I presented an argument on this blog that the United States bears primary responsibility for greenhouse gas (GHG) emissions and climate change. This post explores an alternative view, that responsibility for climate change is widely shared and therefore that the U.S. is no more to blame than other nations. The argument is based on these perspectives:
- The industrial revolution, starting with the invention of the steam engine, began more than 200 years ago. As a result, industrial practices, economic policies, livelihoods, and people’s material expectations changed around the world before climate change was a concern. For centuries, and up to the present, most nations have shared one of the same goals as the United States: raising the standard of living of citizens in part based on burning coal, oil, and other fossil fuels.
- In recent decades, plenty of nations have had poor records related to combating climate change. E.g., Christiana Figueres, who leads the U.N. Framework on Climate Change, recalls that the Saudis were “brilliant” in past climate change negotiations. “They would throw a wrench in here and get out of that room … then appear over in this other room, in which it was a completely unrelated issue, throw a wrench in there.” She added, “I don’t blame them. It’s very understandable [because of their ongoing income from oil reserves].” In fact, until 2015 virtually no leader in the Islamic world had called for action to combat climate change. As another example, Canada was part of the Kyoto Protocol but withdrew from the agreement effective in 2012. Also, a conservative government in Australia—the fourth largest coal-producing nation in the world—repealed its carbon tax in 2014, and then-Prime Minister Tony Abbott was said to be “in complete denial about climate change.” China has built about a thousand new coal-fired power plants—so many that “all of Europe’s [emissions] cuts were effectively cancelled out by a few months’ worth of emissions growth in China.” More examples could be provided.
- There would almost surely be less progress combating climate change if President Obama and Secretary Kerry had not been working for many years with Chinese leaders and other governments to address the issue. Indeed, the U.S. has provided indispensable leadership on climate change for fifty years. E.g., MIT scientists were instrumental in producing the 1972 study The Limits to Growth, which argued that humanity needed to change course to avoid disaster. Earlier, the U.S. President’s Science Advisory Committee warned about the dangers of excess carbon dioxide in 1965—the first report to a national government about climate change. Former Vice President Al Gore won a Nobel Prize for his work on the problem, including his efforts in 1990 to establish a Global Marshall Fund to combat climate change, his 1992 book Earth in the Balance, and his 2006 film An Inconvenient Truth. Former NASA scientist James Hansen has been one of the most educated and outspoken voices on climate change since the late 1980s.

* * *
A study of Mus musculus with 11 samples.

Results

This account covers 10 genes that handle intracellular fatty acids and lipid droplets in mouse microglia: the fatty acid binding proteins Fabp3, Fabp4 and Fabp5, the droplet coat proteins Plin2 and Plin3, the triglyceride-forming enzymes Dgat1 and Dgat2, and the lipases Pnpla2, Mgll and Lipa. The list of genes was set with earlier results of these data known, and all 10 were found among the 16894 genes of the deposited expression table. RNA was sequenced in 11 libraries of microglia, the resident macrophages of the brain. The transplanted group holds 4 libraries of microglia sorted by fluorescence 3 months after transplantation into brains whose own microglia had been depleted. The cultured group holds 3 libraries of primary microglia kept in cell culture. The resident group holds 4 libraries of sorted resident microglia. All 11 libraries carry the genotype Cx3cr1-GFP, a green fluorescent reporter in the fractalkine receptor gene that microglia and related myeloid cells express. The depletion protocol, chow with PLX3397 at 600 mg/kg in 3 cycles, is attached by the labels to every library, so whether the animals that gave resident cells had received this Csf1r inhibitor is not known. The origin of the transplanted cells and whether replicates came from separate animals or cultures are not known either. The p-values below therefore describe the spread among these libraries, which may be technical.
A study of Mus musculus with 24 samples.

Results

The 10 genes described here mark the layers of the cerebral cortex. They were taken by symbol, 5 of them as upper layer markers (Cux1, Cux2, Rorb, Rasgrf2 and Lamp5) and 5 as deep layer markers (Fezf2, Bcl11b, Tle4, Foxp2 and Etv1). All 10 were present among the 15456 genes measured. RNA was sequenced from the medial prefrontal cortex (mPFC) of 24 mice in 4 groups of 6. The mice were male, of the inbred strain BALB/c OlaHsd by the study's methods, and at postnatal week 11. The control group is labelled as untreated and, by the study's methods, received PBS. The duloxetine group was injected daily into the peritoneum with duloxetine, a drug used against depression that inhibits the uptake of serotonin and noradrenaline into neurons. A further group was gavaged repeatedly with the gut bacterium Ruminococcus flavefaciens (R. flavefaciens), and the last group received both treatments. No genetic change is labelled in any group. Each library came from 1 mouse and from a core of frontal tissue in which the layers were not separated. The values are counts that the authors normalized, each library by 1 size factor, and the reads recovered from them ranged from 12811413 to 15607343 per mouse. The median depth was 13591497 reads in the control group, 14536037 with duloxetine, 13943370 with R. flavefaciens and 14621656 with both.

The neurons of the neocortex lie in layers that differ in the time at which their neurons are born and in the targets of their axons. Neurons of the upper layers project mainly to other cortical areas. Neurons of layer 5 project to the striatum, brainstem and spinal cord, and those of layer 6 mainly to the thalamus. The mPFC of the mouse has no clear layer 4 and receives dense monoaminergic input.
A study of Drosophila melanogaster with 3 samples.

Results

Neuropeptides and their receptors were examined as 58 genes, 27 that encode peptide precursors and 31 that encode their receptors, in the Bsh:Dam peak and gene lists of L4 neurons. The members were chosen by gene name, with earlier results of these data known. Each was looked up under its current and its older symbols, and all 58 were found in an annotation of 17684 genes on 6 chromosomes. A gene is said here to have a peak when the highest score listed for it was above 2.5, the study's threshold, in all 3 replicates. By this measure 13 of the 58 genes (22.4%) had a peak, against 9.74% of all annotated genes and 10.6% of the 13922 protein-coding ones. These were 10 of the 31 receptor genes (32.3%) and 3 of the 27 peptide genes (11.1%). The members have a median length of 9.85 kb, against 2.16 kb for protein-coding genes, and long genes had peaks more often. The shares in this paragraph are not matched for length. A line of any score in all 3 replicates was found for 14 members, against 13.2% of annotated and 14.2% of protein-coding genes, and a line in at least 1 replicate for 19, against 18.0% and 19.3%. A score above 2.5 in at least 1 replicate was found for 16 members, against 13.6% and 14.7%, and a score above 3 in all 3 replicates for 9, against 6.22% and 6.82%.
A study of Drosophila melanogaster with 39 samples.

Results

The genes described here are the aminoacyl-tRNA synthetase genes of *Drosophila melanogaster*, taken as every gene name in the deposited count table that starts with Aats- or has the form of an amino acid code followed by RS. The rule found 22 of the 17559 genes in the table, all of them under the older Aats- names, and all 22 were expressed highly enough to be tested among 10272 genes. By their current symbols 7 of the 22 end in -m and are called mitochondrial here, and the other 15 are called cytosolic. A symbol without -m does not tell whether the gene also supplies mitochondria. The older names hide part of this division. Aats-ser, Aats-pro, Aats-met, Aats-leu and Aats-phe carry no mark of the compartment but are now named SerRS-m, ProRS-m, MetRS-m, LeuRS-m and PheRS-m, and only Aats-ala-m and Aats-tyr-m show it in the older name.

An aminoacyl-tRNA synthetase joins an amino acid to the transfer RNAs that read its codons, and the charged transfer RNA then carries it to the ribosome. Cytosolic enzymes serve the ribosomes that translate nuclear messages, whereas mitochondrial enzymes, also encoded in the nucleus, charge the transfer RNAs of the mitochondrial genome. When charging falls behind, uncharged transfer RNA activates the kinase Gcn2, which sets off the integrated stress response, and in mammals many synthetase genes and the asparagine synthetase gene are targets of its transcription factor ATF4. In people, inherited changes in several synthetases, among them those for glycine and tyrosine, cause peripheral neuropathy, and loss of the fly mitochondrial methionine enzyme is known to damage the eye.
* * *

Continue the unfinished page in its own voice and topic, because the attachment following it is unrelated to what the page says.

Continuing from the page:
- Current national pledges to reduce GHG emissions, made as a part of the U.N. framework process, represent long-awaited progress but are “not even close” to the level needed to keep global warming to a maximum of 2° C or less. Inadequate commitments to reduce emissions are not limited to any one nation.
- The American economy (which provides about 22% of world economic output) is responsible for less GHG emission per dollar of output than the world average, and energy efficiency in the U.S. has increased since 1990.
- American fossil fuel companies may have an awful history with respect to funding disinformation about combating climate change, but so do corporations based in other nations, such as British Petroleum and Royal Dutch Shell. A German company, Volkswagen, recently admitted to blatantly lying about equipment supposedly installed to reduce pollution in 11 million diesel cars. Many huge corporations spread disinformation, not only American companies.
- Naomi Klein, a fierce critic of unfettered capitalism and of fossil fuel companies, has written extensively on climate change, and in This Changes Everything she concludes that “humans have behaved in this shortsighted way [about climate change] not only under capitalist systems, but under systems that called themselves socialist as well”—and also in monarchies, as noted in a bullet above—and that “[climate change] is not a problem that can be blamed on the political right or on the United States.” She believes instead that responsibility for climate change is widely shared by many cultures and nations around the world.
These and other perspectives indicate that a reluctance to acknowledge the grave threat of climate change, as well as most nations’ slow progress to combat it, are widespread phenomena. Finding a villain or scapegoat may be satisfying; however, in this situation there seem to be too many responsible parties to single out only one.